The Casimir electromagnetic fluctuation forces across plasmas are analogous to so-called weak nuclear interaction forces, according to new research.

A new theoretical work establishes a long-sought-after connection between nuclear particles and electromagnetic theories. Its findings suggest that there is an equivalence between generalised Casimir forces and those that are referred to as weak nuclear interactions between protons and neutrons. The Casimir forces are due to the quantisation of electromagnetic fluctuations in vacuum, while the weak nuclear interactions are mediated by subatomic scale particles, originally called mesons by Yukawa. These findings by Barry Ninham from the Australian National University, in Canberra, and European colleagues, have now been published in EPJ D.

The study focuses on two perfectly reflecting model plates, separated by any non-zero density plasma, i.e. a charged gas which may contain electrons only or electrons and positrons. The authors extended the formulae for the Casimir force between these ideal metal plates to include interactions across a plasma and temperature, explicitly.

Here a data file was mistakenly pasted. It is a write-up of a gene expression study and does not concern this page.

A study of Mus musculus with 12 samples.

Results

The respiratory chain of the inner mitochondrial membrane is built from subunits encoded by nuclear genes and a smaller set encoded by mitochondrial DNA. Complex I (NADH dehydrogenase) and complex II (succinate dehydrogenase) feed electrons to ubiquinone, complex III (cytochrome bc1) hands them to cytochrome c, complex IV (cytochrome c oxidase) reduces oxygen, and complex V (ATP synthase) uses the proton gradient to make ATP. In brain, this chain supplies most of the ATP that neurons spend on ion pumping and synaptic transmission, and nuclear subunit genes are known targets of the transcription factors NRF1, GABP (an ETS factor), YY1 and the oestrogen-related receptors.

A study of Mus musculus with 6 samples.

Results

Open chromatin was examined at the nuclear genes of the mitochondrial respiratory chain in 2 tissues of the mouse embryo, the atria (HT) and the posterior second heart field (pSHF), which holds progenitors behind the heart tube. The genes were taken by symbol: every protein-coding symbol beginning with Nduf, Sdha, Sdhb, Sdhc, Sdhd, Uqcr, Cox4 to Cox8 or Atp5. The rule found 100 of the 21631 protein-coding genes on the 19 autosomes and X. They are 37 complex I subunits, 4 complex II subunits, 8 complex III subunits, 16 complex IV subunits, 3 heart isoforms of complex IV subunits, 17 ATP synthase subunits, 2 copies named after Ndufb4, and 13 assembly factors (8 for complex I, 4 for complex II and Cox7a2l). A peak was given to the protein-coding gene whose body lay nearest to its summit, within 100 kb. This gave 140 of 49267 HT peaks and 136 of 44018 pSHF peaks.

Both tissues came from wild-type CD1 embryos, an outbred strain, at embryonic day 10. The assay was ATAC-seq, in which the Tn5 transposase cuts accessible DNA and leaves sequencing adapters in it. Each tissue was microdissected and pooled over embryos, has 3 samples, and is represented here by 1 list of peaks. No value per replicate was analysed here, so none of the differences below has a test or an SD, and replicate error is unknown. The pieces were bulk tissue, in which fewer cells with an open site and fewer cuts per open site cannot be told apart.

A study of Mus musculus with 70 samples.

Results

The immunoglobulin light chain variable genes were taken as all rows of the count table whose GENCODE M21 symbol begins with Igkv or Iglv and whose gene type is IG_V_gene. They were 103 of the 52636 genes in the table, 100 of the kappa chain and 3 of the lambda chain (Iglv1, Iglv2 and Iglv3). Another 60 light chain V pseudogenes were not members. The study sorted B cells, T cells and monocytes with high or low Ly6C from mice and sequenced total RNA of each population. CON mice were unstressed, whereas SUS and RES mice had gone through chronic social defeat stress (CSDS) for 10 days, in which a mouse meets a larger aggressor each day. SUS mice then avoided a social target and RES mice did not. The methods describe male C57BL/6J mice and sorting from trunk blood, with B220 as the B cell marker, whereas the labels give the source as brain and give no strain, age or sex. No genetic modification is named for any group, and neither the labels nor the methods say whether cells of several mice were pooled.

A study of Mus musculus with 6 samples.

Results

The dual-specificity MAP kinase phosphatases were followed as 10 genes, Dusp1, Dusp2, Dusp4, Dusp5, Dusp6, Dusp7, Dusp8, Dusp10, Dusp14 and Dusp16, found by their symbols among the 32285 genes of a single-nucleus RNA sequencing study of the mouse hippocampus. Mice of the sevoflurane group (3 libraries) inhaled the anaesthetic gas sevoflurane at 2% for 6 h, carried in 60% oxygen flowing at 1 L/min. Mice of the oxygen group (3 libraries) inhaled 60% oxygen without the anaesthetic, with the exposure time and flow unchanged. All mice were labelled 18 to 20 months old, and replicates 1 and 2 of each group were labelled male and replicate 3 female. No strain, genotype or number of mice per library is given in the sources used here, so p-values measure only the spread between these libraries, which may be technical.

The ensuing formulae show that long-range electromagnetic fluctuations are qualitatively different from those across a vacuum. They also shed some new light on measurements of Casimir forces between metal plates, an issue that has long puzzled physicists.

In addition, the authors revisited and reworked the formulae for the original Casimir forces across a vacuum to correctly account for the temperature. At extremely small distances -- also tantamount to very high temperatures -- the formulae are equivalent to the effect of the force of an electron-positron plasma in the space between the interacting ideal plates, according to the study.

In this context, the mesons of the nuclear interaction theory become plasmons, which are collective excitations in the sea of electron-positron pairs in the vacuum. If the correspondence proves correct, the implications are profound for broad areas ranging from physical chemistry to nanotechnology.